Dementia and Family Visits: Tips for Peaceful Connection

By mmLearn.org on Wed, Apr 27, 2022 @ 09:00 AM

You never really know how it will go when visiting a family member with dementia.

They might recognize you and reach out in love and appreciation that you came to see them. Or they might withdraw or lash out in frustration, seemingly angry at the world for being so confusing.

And you love them all the same.


By mmLearn.org on Wed, Aug 11, 2021 @ 08:00 AM

Anyone who has served as a caretaker for a person with dementia knows that “challenging” doesn’t begin to describe what it is like to experience the mood swings, cognitive decline, and behavioral changes in your loved one.


By mmLearn.org on Wed, May 12, 2021 @ 09:00 AM

Caring for someone with dementia can be physically and emotionally taxing. Part of the challenge is helping your loved one manage the frequent confusion, frustration, and mood swings that often accompany such neurodegenerative diseases.


By mmLearn.org on Tue, Jan 21, 2020 @ 08:00 AM

A life without meaningful activities is an unfulfilling life. From daily household chores to hobbies, activities give the day structure while simultaneously defining who we are. For seniors living with dementia, an inability to participate in previously enjoyable, purposeful activities can cause restlessness and depression. But though the physical capabilities of dementia patients will decline, it’s still possible to provide them with meaningful everyday activities.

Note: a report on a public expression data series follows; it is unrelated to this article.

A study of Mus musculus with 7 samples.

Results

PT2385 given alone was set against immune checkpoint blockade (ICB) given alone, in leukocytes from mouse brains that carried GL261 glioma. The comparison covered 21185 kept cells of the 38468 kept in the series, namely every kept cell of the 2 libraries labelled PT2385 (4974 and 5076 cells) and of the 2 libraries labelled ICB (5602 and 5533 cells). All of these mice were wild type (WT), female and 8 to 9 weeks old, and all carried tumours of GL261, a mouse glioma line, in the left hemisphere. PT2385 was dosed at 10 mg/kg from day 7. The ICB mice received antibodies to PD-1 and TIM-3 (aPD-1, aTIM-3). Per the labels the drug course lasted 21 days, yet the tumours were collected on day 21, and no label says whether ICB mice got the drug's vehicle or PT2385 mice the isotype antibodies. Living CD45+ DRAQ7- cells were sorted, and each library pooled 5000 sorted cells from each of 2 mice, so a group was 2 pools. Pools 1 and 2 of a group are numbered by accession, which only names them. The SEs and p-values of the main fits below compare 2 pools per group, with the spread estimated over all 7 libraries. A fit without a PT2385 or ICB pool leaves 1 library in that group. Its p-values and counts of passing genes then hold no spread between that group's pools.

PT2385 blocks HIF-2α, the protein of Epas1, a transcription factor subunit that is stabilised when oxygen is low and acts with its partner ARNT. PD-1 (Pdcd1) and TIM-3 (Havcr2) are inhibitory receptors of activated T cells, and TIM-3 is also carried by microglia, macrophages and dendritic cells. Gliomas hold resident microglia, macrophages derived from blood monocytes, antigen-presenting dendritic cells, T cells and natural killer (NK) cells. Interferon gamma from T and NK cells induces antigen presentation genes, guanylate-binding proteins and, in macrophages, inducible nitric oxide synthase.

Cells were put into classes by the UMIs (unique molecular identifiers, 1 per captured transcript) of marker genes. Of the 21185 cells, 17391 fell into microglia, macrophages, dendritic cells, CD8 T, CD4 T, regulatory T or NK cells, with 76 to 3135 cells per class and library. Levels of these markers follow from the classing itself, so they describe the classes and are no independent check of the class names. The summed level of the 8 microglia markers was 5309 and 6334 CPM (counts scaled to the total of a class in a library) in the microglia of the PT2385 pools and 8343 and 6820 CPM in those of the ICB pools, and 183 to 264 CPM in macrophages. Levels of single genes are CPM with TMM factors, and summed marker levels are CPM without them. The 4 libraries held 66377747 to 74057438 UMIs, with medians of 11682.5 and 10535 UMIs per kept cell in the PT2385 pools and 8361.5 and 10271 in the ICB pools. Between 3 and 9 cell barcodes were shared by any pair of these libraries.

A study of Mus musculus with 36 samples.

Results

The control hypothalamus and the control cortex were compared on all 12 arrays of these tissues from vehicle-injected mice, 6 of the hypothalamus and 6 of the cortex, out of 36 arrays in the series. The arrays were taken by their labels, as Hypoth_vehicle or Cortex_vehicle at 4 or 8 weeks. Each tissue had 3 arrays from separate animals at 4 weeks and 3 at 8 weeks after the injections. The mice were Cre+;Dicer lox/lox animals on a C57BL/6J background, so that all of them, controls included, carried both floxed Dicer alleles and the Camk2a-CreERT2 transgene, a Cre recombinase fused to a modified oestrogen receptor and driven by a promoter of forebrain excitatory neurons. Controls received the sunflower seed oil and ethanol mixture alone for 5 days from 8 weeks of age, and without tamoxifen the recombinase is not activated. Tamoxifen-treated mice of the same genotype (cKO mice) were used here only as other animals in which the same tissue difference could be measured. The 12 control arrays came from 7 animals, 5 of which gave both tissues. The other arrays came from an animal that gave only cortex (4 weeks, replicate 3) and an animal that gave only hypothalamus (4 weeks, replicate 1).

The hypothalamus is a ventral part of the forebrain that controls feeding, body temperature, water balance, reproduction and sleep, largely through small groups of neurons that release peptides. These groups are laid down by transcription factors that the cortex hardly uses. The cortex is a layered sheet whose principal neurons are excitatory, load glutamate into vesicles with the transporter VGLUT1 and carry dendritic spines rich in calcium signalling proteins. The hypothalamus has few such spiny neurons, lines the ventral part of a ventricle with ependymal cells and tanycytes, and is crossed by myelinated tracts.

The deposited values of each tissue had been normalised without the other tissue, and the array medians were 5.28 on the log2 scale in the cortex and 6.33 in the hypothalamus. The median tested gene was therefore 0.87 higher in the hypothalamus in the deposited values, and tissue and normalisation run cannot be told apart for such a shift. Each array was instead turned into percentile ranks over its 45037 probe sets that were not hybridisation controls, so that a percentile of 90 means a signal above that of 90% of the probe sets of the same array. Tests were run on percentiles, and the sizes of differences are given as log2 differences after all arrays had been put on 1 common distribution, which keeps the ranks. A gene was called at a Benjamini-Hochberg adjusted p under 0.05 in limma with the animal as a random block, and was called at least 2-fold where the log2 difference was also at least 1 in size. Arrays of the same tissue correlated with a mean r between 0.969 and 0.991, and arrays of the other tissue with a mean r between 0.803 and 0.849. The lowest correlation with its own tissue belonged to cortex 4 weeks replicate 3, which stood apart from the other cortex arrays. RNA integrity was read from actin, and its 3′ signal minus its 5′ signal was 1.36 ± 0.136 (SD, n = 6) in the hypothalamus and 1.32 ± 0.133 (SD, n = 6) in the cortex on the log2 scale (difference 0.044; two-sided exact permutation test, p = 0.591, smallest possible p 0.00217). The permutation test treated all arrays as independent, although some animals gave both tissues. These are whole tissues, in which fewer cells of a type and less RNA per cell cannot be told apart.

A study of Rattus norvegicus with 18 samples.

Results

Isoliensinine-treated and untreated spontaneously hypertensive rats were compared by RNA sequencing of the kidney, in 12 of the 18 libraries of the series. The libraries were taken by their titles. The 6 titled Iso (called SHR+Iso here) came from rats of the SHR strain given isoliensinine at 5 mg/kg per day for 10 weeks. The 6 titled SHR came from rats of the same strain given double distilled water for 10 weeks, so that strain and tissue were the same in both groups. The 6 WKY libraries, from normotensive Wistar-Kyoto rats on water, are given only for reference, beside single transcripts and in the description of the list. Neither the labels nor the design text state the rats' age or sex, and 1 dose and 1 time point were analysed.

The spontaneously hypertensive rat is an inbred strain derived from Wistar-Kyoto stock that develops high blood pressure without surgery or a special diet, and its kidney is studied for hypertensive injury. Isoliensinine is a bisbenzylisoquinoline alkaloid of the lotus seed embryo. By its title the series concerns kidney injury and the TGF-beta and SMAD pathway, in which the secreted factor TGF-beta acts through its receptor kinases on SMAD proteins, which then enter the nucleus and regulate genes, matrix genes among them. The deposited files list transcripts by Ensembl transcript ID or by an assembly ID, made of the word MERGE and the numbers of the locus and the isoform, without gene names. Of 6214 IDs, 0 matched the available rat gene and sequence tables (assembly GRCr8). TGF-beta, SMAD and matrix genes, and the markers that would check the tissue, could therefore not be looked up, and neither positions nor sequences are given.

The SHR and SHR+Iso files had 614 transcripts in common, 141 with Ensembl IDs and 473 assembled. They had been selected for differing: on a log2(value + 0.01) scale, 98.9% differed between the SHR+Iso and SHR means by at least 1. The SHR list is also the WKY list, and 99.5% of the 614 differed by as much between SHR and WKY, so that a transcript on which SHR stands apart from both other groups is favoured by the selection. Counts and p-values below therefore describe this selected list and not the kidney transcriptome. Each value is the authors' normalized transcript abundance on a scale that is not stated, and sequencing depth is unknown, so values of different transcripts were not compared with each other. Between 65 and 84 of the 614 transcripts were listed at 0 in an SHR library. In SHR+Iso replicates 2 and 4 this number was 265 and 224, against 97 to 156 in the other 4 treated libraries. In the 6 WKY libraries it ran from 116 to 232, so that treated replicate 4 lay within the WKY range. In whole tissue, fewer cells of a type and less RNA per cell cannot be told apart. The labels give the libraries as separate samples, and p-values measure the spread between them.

By mmLearn.org on Mon, Jul 08, 2019 @ 08:00 AM

Caregivers of the elderly often refer to the SLUMS Exam and the GDS in evaluating the health and condition of their patients. The SLUMS Examination is a screening tool for dementia developed by Saint Louis University geriatricians that identifies mild cognitive problems, and the GDS is a 30-item self-report assessment used to identify depression. Both are designed for use with the elderly.

There is no single, definitive test to determine whether an individual is suffering from dementia. Rather, the healthcare team considers all potential causes while conducting a comprehensive assessment of the patient. Doctors often use the SLUMS Examination in order to determine whether further testing might be necessary. Let's take a closer look at this widely used, clinician-administered diagnostic tool.